More mobile tech and onboard Wi-Fi
Delta, with Wi-Fi across its entire fleet, has been the most innovative carrier here. One recent launch is an app, available for Apple, Android and BlackBerry, that tracks baggage. Passengers can enter the number on their baggage receipts or just scan the barcode. They receive instant updates on whether their bag has been successfully loaded on to the aircraft and which carousel it can be collected from at the arrival destination. Extra-paranoid passengers can even access the app while they are in the air, thanks to Delta’s inflight Wi-Fi.
Travellers will find Wi-Fi available on a growing number of flights: American will complete installation of onboard Wi-Fi in 2013; United will outfit close to half its fleet ; and Southwest will have 75 percent of its fleet equipped, and may roll out video-on-demand, in 2013, if testing goes well.
● Automated check-in is a useful innovation that can cut travel time and hassles. British Airways is already trying it: Those who choose this option while booking their flight will be checked in, assigned a seat (which the passenger can change), and sent an electronic boarding pass 24 hours before departure. Once the passengers’ seating preferences are on record, the airline will ensure they are automatically checked in to just such a seat. If the try-outs on the French routes go well, BA plans to roll it out across its network by the end of 2013.
● Bilund, a tiny Danish airport, has laid claim to an innovation that allows passengers to print their bag tags and boarding passes at home, rather than queue up at an airport desk or kiosk. The passenger has to fold the printouts, place it in a plastic cover, attach it to their bags and deposit them at a dedicated Express Drop desk at the airport. Following a successful six-month development and testing period—in which Thomas Cook Airlines tried out the scheme—the home-printed bag tag has become a permanent offering. The airport plans to take this further, and install self bag-drop to remove the need for an airline agent to be involved in any stage of the check-in and bag-drop process.
Image:Justin Sullivan / Getty Images Trusted Traveller programmes
Long queues at customs, immigration and security are things airlines can do precious little about; in fact they will only get worse. The US Transportation Security Administration’s Pre-Check is an expedited screening programme and is a step forward. The US Customs and Border agency is already running Nexus for frequent travellers on the Canadian border and Sentri for those who cross the Mexican border. The programme, currently available to Americans and a few other nationalities, allows travellers who have undergone background checks and finger-printing to walk through 35 US airports with minimal checks. They can leave shoes and jackets on, and don’t have to take their laptops and liquids out of their bags. Travellers can get into Pre-Check by enrolling in the Global Entry programme, which costs $100 for five years. With Global Entry, travellers can simply take their passports to a kiosk to re-enter the US from abroad and avoid long lines at passport control and customs. National security agencies in other countries are looking at using databases and biometrics to recognise frequent fliers. Sadly, we are not sure when these changes will reach Indian shores.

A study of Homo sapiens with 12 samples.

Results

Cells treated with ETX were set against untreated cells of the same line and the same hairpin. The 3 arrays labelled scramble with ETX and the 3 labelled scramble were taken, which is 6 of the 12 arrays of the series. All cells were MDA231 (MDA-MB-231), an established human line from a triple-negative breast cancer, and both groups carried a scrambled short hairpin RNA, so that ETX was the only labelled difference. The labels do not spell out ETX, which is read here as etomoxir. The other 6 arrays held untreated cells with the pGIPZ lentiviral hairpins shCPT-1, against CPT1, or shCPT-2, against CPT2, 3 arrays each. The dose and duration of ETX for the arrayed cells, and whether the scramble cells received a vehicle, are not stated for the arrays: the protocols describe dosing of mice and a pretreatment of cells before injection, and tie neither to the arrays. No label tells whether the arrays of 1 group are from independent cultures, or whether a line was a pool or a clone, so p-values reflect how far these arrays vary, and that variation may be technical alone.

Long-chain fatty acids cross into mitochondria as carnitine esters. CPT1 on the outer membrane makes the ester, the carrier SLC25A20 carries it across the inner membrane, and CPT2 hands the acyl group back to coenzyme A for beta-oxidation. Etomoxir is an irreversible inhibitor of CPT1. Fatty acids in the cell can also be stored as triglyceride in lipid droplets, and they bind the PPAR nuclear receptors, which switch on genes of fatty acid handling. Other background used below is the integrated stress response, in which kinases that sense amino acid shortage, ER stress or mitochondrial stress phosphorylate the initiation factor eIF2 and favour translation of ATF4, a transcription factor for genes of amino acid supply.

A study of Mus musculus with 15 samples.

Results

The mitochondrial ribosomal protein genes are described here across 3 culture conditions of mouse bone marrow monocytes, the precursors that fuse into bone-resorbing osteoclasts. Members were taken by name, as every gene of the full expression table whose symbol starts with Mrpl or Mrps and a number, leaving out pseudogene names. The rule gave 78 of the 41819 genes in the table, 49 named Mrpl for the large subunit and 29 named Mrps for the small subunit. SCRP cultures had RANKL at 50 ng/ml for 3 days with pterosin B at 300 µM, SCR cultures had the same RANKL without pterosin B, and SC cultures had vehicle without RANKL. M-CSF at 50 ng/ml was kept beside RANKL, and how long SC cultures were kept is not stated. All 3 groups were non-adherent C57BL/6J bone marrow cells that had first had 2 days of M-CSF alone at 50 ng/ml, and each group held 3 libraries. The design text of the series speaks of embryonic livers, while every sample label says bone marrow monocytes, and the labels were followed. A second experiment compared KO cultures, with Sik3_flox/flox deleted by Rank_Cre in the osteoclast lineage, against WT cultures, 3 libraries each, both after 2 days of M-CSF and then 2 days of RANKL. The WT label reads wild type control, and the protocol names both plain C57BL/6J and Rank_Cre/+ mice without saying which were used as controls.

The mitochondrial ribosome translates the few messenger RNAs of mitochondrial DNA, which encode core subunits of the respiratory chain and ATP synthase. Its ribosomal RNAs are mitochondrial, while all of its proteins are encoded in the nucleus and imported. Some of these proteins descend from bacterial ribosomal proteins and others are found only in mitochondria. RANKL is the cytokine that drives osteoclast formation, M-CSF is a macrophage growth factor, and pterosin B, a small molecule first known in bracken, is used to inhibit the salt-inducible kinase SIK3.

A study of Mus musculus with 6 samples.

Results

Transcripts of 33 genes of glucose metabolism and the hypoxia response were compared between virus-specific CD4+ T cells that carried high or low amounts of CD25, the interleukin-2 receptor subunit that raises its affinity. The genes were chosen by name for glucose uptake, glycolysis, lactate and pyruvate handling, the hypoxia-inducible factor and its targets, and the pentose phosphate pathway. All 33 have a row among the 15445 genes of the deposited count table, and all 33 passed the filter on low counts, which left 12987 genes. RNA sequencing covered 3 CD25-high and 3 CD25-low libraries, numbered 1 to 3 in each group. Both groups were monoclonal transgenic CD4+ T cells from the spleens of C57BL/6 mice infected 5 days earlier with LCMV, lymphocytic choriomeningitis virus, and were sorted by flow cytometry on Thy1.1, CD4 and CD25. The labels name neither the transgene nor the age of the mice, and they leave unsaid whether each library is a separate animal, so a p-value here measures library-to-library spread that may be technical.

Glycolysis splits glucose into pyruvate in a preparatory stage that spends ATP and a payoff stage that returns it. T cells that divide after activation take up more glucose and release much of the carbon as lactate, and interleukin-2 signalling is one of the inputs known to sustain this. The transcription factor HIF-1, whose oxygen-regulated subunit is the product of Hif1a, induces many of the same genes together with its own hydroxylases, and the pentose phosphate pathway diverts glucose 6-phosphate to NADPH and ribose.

Image: Paul Miller / Getty ImagesSocial seating
Inevitably, airlines are figuring out how to use the ubiquity of social media to help passengers further personalise their travel experience. When KLM passengers make seat reservations, they are asked if they want to share their LinkedIn or Facebook profiles. If they do, they can in turn, see other logged-in passengers listed for the flight. This gives passengers the option to sit next to friends, colleagues, fellow conference attendees, or just meet someone with similar interests. The only other airline doing something similar is Malaysian. Quite naturally, these experiments have polarised travellers, with some thinking it a great idea and others afraid of being stalked.Digital Wallets
Apps that allow users to store tickets, boarding passes and cards on their phones, like Apple’s Passbook and Samsung’s Wallet, are taking root. About two dozen airlines, including Delta, American and Virgin Australia, support Passbook, and others are joining in fast. Passbook allows travellers to bypass check-in queues, since they do not need boarding passes to be printed out.
The app is triggered by location or time, so it issues notifications to alert users about when they can use the passes stored in their account. It also provides real-time updates for membership points and boarding pass changes. Passes saved within the app feature bar codes that can be scanned at payment terminals so retailers like Starbucks are using it too.
(This story appears in the 22 March, 2013 issue of Forbes India. You can buy our tablet version from Magzter.com. To visit our Archives, click here.)